We’re all too familiar with Boston’s celebrated starting rotation. Perennial Cy Young Award candidate Chris Sale is followed by past winners David Price and Rick Porcello. Former Yankee Nathan Eovaldi rounds out the quartet of pitchers who will start against New York in the ALDS.
The games may not be decided by the starters, though. The Yankees’ offense puts a lot of traffic on the bases. New York’s hitters are adept at fouling off pitches, working deep counts, and driving up pitch counts. If they can keep this going during the Division Series, the Yankees will be able to get into the Red Sox bullpen early, which is Boston’s main weakness.
Closer Craig Kimbrel is as good as it gets, but getting to him is Boston’s problem. The path to Kimbrel in the ninth has been somewhat of an adventure for the Red Sox. This provides a great opportunity for New York.
Matt Barnes is Boston’s primary setup man, but the right-hander missed most of September with a hip injury. Ryan Brasier is another trusted righty whom the Red Sox will lean on. He logged 33 solid innings for Boston this year after coming over from Japan.
Heath Hembree and Joe Kelly are Boston’s other short relievers, both of whom have struggled mightily with consistency this season. Their positions in manager Alex Cora’s circle of trust are shaky at best. The pair allow a lot of baserunners, while Hembree is prone to giving up the long ball. Knuckleballer Steven Wright and swingman Eduardo Rodriguez will be used in long relief. Boston’s relief corps pales in comparison to the Yankees.
New York’s bullpen is one of its greatest strengths, and it is arguably the best in baseball. The Yankees boast four guys who are legitimate, top-shelf closers in Aroldis Chapman, David Robertson, Dellin Betances, and Zach Britton. Chad Green and Jonathan Holder have been outstanding in middle relief. Rookie LOOGY Stephen Tarpley and fifth starter Lance Lynn have also been added to New York’s Division Series roster.
That group of Yankees hurlers (minus Lynn) pitched to an eye-popping .193/.273/.310 slash line across 363 innings this season. They notched an astounding 12.1 strikeouts per nine innings pitched, while limiting opponents to only 3.3 walks per nine. Their 2.82 ERA, 1.07 WHIP, and .583 OPS against are the envy of the entire league.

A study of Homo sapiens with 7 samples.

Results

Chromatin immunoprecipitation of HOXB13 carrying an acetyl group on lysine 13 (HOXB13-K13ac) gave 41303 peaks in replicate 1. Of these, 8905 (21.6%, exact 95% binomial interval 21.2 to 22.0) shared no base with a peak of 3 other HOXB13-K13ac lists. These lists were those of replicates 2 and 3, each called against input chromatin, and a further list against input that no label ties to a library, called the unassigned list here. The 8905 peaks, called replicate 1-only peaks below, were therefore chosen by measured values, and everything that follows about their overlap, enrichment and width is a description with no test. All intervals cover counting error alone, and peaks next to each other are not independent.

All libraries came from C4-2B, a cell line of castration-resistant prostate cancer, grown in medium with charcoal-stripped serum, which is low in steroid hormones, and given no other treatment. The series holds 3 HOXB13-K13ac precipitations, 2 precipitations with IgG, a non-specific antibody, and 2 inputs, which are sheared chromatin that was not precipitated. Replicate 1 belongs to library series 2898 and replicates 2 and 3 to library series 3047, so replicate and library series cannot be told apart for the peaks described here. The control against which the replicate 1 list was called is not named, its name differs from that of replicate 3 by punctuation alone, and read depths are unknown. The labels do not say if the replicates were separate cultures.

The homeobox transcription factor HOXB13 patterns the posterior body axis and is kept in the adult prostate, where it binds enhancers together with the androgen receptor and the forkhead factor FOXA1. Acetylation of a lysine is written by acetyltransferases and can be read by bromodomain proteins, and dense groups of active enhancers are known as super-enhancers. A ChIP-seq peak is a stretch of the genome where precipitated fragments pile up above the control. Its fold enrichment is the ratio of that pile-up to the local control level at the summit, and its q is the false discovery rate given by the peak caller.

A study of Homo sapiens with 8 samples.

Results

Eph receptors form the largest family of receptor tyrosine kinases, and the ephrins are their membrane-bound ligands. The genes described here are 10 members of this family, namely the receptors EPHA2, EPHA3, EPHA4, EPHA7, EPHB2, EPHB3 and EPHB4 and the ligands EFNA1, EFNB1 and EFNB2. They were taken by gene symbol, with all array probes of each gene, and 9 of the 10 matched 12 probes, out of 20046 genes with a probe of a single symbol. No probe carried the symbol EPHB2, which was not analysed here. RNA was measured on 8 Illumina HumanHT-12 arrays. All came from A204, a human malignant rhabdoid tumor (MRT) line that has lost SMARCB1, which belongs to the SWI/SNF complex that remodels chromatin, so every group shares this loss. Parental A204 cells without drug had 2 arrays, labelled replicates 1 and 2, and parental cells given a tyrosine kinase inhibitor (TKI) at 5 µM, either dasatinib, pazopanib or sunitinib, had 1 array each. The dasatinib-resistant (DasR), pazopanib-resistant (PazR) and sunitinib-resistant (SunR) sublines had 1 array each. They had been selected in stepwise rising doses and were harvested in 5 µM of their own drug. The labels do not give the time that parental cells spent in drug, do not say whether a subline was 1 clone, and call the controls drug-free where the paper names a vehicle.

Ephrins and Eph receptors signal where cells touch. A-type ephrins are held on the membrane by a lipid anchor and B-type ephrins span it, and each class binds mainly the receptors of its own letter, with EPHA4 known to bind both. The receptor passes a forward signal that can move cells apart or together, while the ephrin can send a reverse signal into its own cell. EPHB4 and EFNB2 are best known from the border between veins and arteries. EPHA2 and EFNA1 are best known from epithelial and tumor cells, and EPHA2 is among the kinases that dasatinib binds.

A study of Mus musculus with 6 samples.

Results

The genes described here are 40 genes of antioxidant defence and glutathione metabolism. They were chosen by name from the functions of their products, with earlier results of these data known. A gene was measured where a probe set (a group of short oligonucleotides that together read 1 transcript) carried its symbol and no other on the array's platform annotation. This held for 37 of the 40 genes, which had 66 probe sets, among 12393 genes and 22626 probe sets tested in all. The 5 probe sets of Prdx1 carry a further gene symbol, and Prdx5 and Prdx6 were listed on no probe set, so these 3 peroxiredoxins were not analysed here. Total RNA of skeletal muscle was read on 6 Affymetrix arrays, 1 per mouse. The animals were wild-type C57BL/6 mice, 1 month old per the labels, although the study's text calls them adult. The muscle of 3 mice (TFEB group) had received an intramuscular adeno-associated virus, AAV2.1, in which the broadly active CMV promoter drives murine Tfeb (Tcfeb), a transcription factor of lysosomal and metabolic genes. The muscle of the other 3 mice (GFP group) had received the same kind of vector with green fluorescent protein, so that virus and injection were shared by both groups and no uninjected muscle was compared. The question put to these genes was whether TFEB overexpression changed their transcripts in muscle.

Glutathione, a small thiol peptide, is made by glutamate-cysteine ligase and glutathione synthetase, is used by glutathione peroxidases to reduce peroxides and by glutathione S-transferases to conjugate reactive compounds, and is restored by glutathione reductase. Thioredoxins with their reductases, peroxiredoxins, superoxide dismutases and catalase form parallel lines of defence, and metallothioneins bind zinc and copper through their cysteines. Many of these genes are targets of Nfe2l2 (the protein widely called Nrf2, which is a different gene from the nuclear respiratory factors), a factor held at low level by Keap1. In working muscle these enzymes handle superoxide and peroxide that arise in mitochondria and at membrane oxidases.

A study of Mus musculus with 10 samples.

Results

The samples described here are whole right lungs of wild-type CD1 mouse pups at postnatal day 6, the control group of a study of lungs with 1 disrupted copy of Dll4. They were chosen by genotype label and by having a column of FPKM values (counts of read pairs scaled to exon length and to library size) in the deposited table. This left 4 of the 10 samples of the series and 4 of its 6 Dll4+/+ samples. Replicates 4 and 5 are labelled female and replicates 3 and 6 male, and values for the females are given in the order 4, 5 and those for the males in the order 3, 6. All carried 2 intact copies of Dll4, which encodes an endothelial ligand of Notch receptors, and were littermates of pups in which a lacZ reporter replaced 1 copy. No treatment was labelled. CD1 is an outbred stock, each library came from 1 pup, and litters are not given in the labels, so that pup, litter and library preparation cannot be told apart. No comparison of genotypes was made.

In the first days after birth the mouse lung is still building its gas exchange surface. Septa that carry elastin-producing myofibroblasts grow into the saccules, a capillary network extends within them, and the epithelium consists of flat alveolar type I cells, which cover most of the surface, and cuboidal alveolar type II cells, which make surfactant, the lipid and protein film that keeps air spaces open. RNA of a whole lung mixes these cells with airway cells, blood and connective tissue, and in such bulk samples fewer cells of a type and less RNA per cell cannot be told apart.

In contrast, the relievers on Boston’s ALDS roster have produced a 3.44 ERA, 1.25 WHIP, and .667 OPS against. They’ve been stingy with the home run (.9 per nine), but not as good as New York (.7). Opponents have achieved an on-base percentage of over .300 against the relievers that will be coming out of Boston’s bullpen against the Yankees during the ALDS.
Throughout the long season, manager Aaron Boone often went to lower-tier relievers like A.J. Cole, Luis Cessa, and others to pitch in close games. Sometimes it worked, sometimes it didn’t. With precious few off-days, you simply can’t pitch your best arms every single day. Everything is different now that the calendar has flipped to October.
With a day off before ALDS Games One, Three, and Five, the schedule really favors the Yankees by allowing their top relievers to pitch in every game. Before the Wild Card Game against Oakland, Boone said he planned to be aggressive in using his formidable bullpen arsenal, and he showed it by pitching Betances for two frames beginning in the fifth inning. We should expect more of that aggressiveness during the Division Series against Boston. The Yankees boast a marked bullpen edge over the Red Sox, and it could very well prove decisive in this series.